Give a helping hand this Saturday

by | April 4, 2019 5:00 pm

Last Updated: April 3, 2019 at 2:05 pm

Submitted photo
HELPING HANDS. The founders of Colleton County Helping Hands pose with their sons among the boxes of donated items that made their way into the school district’s Special Needs program after last year’s fundraiser. Shown are, left to right, Lacey Persianni and son Camden Dewitt; Heather Davis and her son Weston Davis; and Jessica Bloodworth and her son Connor Bloodworth. Their children are kindergarten and first-grade students.

Colleton County Helping Hands returns to the Coastal Outback building on April 6 to continue their quest.
Lacey Persianni, Jessica Bloodworth and Heather Davis, the mothers of Special Need students, formed the organization last year.
With their young sons entering the county’s school system, they saw that the school district needed a helping hand in providing equipment and materials for the district’s Special Needs therapists and teachers.
They enlisted family and friends in meeting that need, and Colleton County Helping Hands was born. The group, Davis said, “is a lot more than the three moms.”
The first step was to contact the school district’s head physical therapist and head occupational therapist and have them list what they needed to accomplish their mission. The price tag totaled $3,795.50.
Davis, Persianni and Bloodworth got to work, setting up a chicken bog dinner fundraiser at a meeting space provided by Coastal Electric Cooperative.
When the proceeds from that first fundraiser were counted, Colleton County Helping Hands had raised $7,000.
The only things on the therapists’ wish list that weren’t purchased were items that were no longer available or out of stock.
They bought sand timers, squiggle wiggle pens for kids with low control with writing, a weighted shawl and weighted blankets to help with anxiety.
To help the students develop hand-eye coordination, they purchased Wacky Webs, pop tubes, Dolphin Playground, Last Mouse, wire rings, Magnatab and Finger Labyrinth Cards.
To deal with the children’s sensory issues, they bought Gel Maze, Theraputty, Bendeez, Relax Tangle, Jiggly Poppin animals and Panic Pete.
They even bought large quantities of popcorn kernels, long grain rice and pinto beans. Davis said the popcorn, rice and beans are put in large bins and then prizes are hidden inside the bins.
“Then the kids with sensory issues who hate the feel of stuff have to stick their hands in the bins and get it,” Davis explained.
“Some kids, like my son, like the way it feels,” she added. For those students, sticking their hands in the bins offers a different type of therapy. If they become agitated, “They can go to the bins and feel things. It makes them feel better.”
The money also provided physical therapy items like exercise *****, weighted ***** and an exercise ball stand.
One purchase, an Amtryke Therapy Tricycle, is designed to provide for both physical therapy and hand-eye coordination. Davis said the tricycle is designed with special pedals and handlebars to make it easier for the students to hold on.
The therapists needed game chairs for the students to help the Special Needs students work on their core muscles.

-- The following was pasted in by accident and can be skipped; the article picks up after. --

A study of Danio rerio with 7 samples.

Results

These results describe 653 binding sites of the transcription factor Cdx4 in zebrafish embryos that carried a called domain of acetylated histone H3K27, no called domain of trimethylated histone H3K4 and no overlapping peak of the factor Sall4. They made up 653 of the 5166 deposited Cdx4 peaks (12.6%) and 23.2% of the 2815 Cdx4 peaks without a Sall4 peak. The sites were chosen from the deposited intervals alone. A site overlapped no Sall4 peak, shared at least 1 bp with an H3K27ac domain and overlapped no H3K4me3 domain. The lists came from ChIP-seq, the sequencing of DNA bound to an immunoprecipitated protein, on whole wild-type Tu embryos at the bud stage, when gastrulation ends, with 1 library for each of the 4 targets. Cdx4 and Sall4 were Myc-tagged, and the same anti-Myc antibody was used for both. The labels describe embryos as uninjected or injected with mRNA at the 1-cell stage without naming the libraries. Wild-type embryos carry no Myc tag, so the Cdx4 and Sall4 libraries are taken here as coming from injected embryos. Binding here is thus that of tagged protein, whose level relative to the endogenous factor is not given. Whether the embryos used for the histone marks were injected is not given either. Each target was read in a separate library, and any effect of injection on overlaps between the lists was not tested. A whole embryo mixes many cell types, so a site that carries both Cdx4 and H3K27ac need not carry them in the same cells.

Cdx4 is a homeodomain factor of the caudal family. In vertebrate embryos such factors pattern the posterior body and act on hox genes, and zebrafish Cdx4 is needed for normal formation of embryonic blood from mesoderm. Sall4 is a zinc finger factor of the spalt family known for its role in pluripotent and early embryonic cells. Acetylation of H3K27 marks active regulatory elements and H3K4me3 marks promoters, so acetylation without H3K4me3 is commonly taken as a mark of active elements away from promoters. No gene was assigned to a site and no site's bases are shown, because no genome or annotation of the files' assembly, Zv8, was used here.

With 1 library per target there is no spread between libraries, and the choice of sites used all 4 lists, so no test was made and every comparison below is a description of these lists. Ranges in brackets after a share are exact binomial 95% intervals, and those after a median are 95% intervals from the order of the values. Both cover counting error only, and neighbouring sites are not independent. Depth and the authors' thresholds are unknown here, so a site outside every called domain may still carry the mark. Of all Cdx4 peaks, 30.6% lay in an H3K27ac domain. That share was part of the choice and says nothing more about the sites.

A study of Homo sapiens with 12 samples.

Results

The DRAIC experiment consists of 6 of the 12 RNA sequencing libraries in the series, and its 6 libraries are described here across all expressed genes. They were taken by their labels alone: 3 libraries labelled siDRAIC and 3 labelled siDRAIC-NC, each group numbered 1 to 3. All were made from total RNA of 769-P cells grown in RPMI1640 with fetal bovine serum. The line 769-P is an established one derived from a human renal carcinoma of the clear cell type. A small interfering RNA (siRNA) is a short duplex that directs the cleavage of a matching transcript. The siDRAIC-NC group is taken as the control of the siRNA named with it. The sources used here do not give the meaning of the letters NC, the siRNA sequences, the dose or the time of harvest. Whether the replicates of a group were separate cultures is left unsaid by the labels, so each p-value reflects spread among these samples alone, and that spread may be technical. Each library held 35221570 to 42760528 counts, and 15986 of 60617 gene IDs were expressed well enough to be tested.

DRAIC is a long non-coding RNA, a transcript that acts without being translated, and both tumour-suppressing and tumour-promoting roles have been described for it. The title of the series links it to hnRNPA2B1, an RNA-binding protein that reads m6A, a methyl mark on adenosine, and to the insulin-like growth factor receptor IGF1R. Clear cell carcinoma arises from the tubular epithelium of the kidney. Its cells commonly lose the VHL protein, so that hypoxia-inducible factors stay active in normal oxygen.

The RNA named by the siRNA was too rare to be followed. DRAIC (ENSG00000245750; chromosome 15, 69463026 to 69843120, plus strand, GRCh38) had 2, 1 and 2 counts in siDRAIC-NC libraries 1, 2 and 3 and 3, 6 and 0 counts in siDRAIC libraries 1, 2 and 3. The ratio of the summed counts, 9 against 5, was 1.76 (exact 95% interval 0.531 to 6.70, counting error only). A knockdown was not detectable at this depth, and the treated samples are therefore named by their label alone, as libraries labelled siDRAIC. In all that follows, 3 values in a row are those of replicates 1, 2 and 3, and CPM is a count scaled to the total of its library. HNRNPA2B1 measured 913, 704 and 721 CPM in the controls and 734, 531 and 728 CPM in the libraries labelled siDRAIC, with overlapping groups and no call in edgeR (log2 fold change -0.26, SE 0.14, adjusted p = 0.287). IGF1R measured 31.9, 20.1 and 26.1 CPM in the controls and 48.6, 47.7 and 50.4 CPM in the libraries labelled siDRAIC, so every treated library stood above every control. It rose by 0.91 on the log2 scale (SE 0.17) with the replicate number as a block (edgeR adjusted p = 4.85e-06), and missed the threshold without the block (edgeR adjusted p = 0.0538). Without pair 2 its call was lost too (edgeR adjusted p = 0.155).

“There was a lot of good stuff,” Davis offered.
The some of the proceeds went to cover some of the costs of putting on the fundraiser and the preparation for the next one.
Much of it went into the bank, seed money for Colleton County Helping Hands’ main goal-establishing sensory rooms in each elementary school building in the county.
A basic sensory room, Davis explained, has dim lights so it is not overwhelming and things like fish tanks that calm the room with a couple of beanbag chairs “so they can chill out.”
When in use, she added, the sensory room has to be staffed. She said that teacher assistants can handle those duties.
“To me as a parent, not just a special needs parent, if they can have an art room, a music room, they should have a sensory room,” Davis said.
Special needs students are not the only students to benefit from having a sensory room available. “If you are having a bad day and the teacher can’t seem to calm you down, go to a sensory room for a while,” Davis said. “Any kid could benefit from that, I could benefit from that. If you are being overwhelmed, go lay on the bean bag for a few minutes.”
Colleton County Helping Hands second fundraiser will be held at the Coastal Outback April 6 from 11 a.m.-3 p.m. “We like to plan the fundraiser in the month of April because it is Autism Awareness Month,” Davis said. “National Autism Awareness Day is April 2, so wear your blue to support!”
The chicken bog dinner, with green beans, coleslaw, a roll and dessert will be available for $10.
Like last year, Davis said that she expects that the bulk of the chicken bog dinners will be to-go plates, even though there will be seating available for dining in. Face painting will be among the things to keep the children entertained while their parents check out the raffle items that will include a Yeti cooler, grill and griddle combo and a skeet thrower. “We are still collecting items,” Davis added.
This year’s proceeds main purpose will be to meet the classroom needs of the school district’s Special Needs teachers.
“This year, we wrote a letter asking them to list whatever they want or need and hand delivered the letters to each teacher,” Davis said. “Anything the special need kids can use, we are willing to buy it.”
Colleton County Helping Hands has established a social media presence in the past year. They have a Facebook page, @ColletonCounty Helping Hands, an email account,, and a PayPal account, PayPal.Me/CCHelpingHands.
“We are hoping to do even better this year,” Davis said. “We are real excited.”